Dynamic 31P MR spectroscopy of plantar flexion: Influence of ergometer design, magnetic field strength (3 and 7 T), and RF-coil design

Authors

  • Šedivý Petr,

    1. MR-Unit, Department of Diagnostic and Interventional Radiology, Institute for Clinical and Experimental Medicine, Prague 140 21, Czech Republic

    1. High-Field MR Centre, Department of Biomedical Imaging and Image-guided Therapy, Medical University of Vienna, Vienna A-1090, Austria and Christian Doppler Laboratory for Clinical Molecular MR Imaging, Vienna A-1090, Austria

    1. MR-Unit, Department of Diagnostic and Interventional Radiology, Institute for Clinical and Experimental Medicine, Prague 140 21, Czech Republic

      Authors to whom correspondence should be addressed. Electronic addresses: mode@ikem.cz; Telephone: +420-23605 5245; Fax: +420-24172 8224 and ladislav.valkovic@meduniwien.ac.at; Telephone: +431-40400-37720; Fax: +431-40400-76310.

  • Krššák Martin,

    1. High-Field MR Centre, Department of Biomedical Imaging and Image-guided Therapy, Medical University of Vienna, Vienna A-1090, Austria; Division of Endocrinology and Metabolism, Department of Internal Medicine III, Medical University of Vienna, Vienna A-1090, Austria; and Christian Doppler Laboratory for Clinical Molecular MR Imaging, Vienna A-1090, Austria

    1. MR-Unit, Department of Diagnostic and Interventional Radiology, Institute for Clinical and Experimental Medicine, Prague 140 21, Czech Republic

    1. High-Field MR Centre, Department of Biomedical Imaging and Image-guided Therapy, Medical University of Vienna, Vienna A-1090, Austria and Christian Doppler Laboratory for Clinical Molecular MR Imaging, Vienna A-1090, Austria

    1. MR-Unit, Department of Diagnostic and Interventional Radiology, Institute for Clinical and Experimental Medicine, Prague 140 21, Czech Republic

    1. High-Field MR Centre, Department of Biomedical Imaging and Image-guided Therapy, Medical University of Vienna, Vienna A-1090, Austria and Christian Doppler Laboratory for Clinical Molecular MR Imaging, Vienna A-1090, Austria

    1. MR-Unit, Department of Diagnostic and Interventional Radiology, Institute for Clinical and Experimental Medicine, Prague 140 21, Czech Republic

    1. High-Field MR Centre, Department of Biomedical Imaging and Image-guided Therapy, Medical University of Vienna, Vienna A-1090, Austria; Department of Imaging Methods, Institute of Measurement Science, Slovak Academy of Sciences, Bratislava 841 04, Slovakia; and Christian Doppler Laboratory for Clinical Molecular MR Imaging, Vienna A-1090, Austria

      Authors to whom correspondence should be addressed. Electronic addresses: mode@ikem.cz; Telephone: +420-23605 5245; Fax: +420-24172 8224 and ladislav.valkovic@meduniwien.ac.at; Telephone: +431-40400-37720; Fax: +431-40400-76310.


Abstract

Purpose:

Dynamic phosphorus magnetic resonance spectroscopy (31P MRS) during and after acute exercise enables the noninvasive in vivo determination of the mitochondrial capacity of skeletal muscle. Nevertheless, the lack of standardization in experimental setups leads to significant variations in published values of maximal aerobic capacity, even in the population of healthy volunteers. Thus, in this study, we aimed to assess the impact of the ergometer type (pneumatic and mechanical resistance construction), radiofrequency (RF)-coil diameter, and different magnetic field strengths (3 and 7 T) on the metabolic parameters measured by dynamic 31P MRS during a plantar flexion isotonic exercise protocol within the same group of healthy volunteers.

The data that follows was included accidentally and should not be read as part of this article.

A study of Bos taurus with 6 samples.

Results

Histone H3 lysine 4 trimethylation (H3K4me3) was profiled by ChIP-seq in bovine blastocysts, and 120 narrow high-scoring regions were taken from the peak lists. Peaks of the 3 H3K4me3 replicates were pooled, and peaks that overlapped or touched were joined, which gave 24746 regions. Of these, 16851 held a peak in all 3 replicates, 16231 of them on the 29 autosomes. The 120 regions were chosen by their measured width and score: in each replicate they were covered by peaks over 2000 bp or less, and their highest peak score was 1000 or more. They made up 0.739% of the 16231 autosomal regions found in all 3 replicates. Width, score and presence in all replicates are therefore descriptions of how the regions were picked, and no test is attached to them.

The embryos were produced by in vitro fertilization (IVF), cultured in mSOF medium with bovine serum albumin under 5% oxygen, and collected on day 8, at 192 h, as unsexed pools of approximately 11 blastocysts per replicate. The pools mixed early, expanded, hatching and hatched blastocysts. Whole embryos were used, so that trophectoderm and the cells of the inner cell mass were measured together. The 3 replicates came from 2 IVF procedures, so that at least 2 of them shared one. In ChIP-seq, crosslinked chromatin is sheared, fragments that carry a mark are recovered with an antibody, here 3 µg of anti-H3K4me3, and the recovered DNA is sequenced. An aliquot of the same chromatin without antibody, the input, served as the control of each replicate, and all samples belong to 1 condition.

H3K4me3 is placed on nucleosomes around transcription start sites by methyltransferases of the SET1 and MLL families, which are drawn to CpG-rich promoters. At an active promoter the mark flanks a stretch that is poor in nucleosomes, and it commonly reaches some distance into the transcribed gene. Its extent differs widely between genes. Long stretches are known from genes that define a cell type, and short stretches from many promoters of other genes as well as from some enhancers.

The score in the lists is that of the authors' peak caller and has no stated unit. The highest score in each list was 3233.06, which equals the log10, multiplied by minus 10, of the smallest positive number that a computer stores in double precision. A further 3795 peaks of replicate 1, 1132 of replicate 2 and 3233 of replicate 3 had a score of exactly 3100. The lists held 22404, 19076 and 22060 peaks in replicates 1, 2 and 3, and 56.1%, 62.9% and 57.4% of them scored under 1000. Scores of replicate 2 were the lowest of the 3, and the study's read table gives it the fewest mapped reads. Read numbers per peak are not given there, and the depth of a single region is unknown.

Methods:

Dynamic 31P MRS measurements of the calf muscle in 11 volunteers (mean age, 36  ±  13 yrs; mean BMI, 23.5 ± 2.5 kg/m2), on a 3 T MR system with a custom-made mechanical ergometer in the first research laboratory (RL1) and on 3 and 7 T MR systems equipped with a commercial pneumatic ergometer in the second research laboratory (RL2), were performed at three different workloads. RF-coils differed slightly between the sites and MR systems used. The repeatability of the experimental protocol was tested in every setup. The basal concentrations of phosphocreatine (PCr), exercise-induced depletion of PCr (ΔPCr), initial PCr resynthesis rate (VPCr), and mitochondrial capacity (Qmax) were calculated and compared between the research sites and field strengths.

Results:

High repeatability of the measurement protocol was found in every experimental setup. No significant differences at any workload were found in these metabolic parameters assessed at different magnetic field strengths (3 T vs 7 T), using the same ergometer (in RL2) and a similar RF-coil. In the inter-research laboratory comparison at the same field strength (3 T), but with using different ergometers and RF-coils, differences were found in the concentration of PCr measured at rest and in the drop in PCr signal intensity. These differences translated into difference in the value of mitochondrial capacity at a workload of 15% of maximal voluntary contraction (MVC) force (0.45 ± 0.16 mM/s vs 0.31 ± 0.08 mM/s, in the RL1 and RL2, respectively).

Conclusions:

Metabolic parameters measured during exercise challenge by dynamic 31P MRS do not depend upon the magnetic field strength used. For multicenter studies with different ergometers, it is important to set the same workload, measurement, and evaluation protocols, especially when the effects of very mild exercise (15% MVC) are to be compared. However, a higher workload (24% MVC) decreases the influence of imperfections and intersite differences for the assessed value of maximal mitochondrial capacity.